Don’t you just love Julie Zickefoose? If your answer is “no” it probably means that you’re not acquainted with Julie Zickefoose, haven’t read any of her books or articles, seen her artwork, heard her lectures or monthly National Public Radio spots, or even read her eponymous blog. Your loss. Ms. Zickefoose is a naturalist’s naturalist, someone who has turned the study of plants and animals in their natural surroundings into an amazing way of life. While communion with nature is ultimately a private affair, Ms. Zickefoose harnesses her abundant artistic ability to share her insight, experience, and, above all, delight with her fortunate audience.
This is where Julie Zickefoose’s newest book comes in. Letters From Eden is an exquisite harcover compilation of eight years of the author’s writing and art. Through verdant prose and gossamer watercolors and illustrations, Ms. Zickefoose conjures a rich representation of the paths she’s walked and lives (avian, amphibian, and otherwise) she’s touched. The book’s subtitle “A Year at Home, in the Woods” references the inspired seasonal rather than chronological organization of the essays; Letters From Eden starts in winter, progresses through the warmer months, and ends in autumn, like any good year.
The natural history genre suffers no shortage of books culled from journals. In fact, so many of these journal books exist that they’ve differentiated into various subspecies. Many published nature journals are meant to be educational, with the narrator serving as surrogate student. Club George is an excellent example of a fairly recent book that conveys a great deal of bird watching education while chronicling the author’s growth as a birder. This approach can be contrasted by the journal that places more emphasis on the objects of observation than the subject. Birding Babylon, for example, is about Iraqi avifauna first, the region itself second, and the author’s thoughts and feelings a very distant third. Letters from Eden, on the other hand, represents that distinctive type of natural history journal in which the author is not subordinate to the flora and fauna she encounters but is, in fact, an essential aspect of the narrative.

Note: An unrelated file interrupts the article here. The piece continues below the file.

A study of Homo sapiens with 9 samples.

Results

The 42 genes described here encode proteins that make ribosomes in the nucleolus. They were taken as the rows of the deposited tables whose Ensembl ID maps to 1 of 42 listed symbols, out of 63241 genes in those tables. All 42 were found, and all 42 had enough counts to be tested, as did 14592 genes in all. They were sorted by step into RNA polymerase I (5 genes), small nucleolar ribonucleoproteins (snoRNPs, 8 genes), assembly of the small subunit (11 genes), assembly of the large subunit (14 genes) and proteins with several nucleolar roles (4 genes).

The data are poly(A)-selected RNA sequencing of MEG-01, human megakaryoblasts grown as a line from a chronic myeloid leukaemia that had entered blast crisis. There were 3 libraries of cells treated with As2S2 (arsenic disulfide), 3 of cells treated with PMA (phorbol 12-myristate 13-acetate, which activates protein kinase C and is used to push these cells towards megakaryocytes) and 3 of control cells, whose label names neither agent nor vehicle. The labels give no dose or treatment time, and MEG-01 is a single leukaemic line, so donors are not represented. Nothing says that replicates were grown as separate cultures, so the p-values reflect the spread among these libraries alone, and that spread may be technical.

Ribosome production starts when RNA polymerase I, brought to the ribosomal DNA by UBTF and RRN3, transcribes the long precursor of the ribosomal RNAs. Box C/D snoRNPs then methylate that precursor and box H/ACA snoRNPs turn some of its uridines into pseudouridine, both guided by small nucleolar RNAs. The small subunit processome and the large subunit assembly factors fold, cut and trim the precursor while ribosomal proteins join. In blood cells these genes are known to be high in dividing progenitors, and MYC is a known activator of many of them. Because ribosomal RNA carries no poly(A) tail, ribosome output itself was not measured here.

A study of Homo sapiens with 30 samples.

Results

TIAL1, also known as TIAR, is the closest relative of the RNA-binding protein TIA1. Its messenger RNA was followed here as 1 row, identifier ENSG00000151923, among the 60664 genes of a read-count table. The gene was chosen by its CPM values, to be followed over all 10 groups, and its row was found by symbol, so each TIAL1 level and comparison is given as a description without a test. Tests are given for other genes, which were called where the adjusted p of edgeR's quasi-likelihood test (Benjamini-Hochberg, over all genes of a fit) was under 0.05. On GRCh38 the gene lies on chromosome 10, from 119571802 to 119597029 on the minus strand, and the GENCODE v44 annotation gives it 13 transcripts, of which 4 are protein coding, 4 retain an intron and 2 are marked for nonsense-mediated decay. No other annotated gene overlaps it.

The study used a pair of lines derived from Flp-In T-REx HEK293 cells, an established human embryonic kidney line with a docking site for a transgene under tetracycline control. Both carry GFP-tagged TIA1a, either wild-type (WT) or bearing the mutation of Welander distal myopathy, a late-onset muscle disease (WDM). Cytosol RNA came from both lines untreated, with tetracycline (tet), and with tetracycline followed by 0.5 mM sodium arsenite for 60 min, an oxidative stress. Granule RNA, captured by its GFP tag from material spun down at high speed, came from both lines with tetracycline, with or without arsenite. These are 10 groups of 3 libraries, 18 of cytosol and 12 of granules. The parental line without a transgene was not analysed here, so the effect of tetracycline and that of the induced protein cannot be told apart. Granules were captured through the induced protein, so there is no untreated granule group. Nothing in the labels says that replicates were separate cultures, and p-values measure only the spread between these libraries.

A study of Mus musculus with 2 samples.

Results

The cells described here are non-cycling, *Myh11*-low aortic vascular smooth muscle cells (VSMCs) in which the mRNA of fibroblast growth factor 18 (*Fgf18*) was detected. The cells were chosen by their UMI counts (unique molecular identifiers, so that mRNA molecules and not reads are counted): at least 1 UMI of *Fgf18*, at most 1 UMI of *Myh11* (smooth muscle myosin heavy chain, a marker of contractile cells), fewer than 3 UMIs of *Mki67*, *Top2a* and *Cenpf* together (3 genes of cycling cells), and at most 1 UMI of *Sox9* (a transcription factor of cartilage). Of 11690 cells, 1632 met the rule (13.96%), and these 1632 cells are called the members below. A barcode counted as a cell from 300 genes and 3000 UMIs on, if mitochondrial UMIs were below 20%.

The pool of celebrity birders who are as interesting as the birds they watch may be pretty small, but Ms. Zickefoose is certainly part of this select group. Letters of Eden may discuss phoebes, grouse, bullfrogs, and box turtles, but the book is really about its passionate author. Letters from Eden will acquaint you with her feeder birds and wayward charges, the garden that needs tending and migrants that need minding, but it also introduces her husband (a member of the birderati in his own right), precious children, and rambling, efflorescent Ohio home. This book is more than just a showcase for Ms. Zickefoose’s artwork and expertise, impressive as these things may be. To me, the book serves as a very welcome, respectfully intimate introduction to an individual who connects with nature with every one of her senses and faculties, who interfaces with the world around her with integrity, compassion, and joy. Letters from Eden is a wonderful read for anyone who aspires to do the same.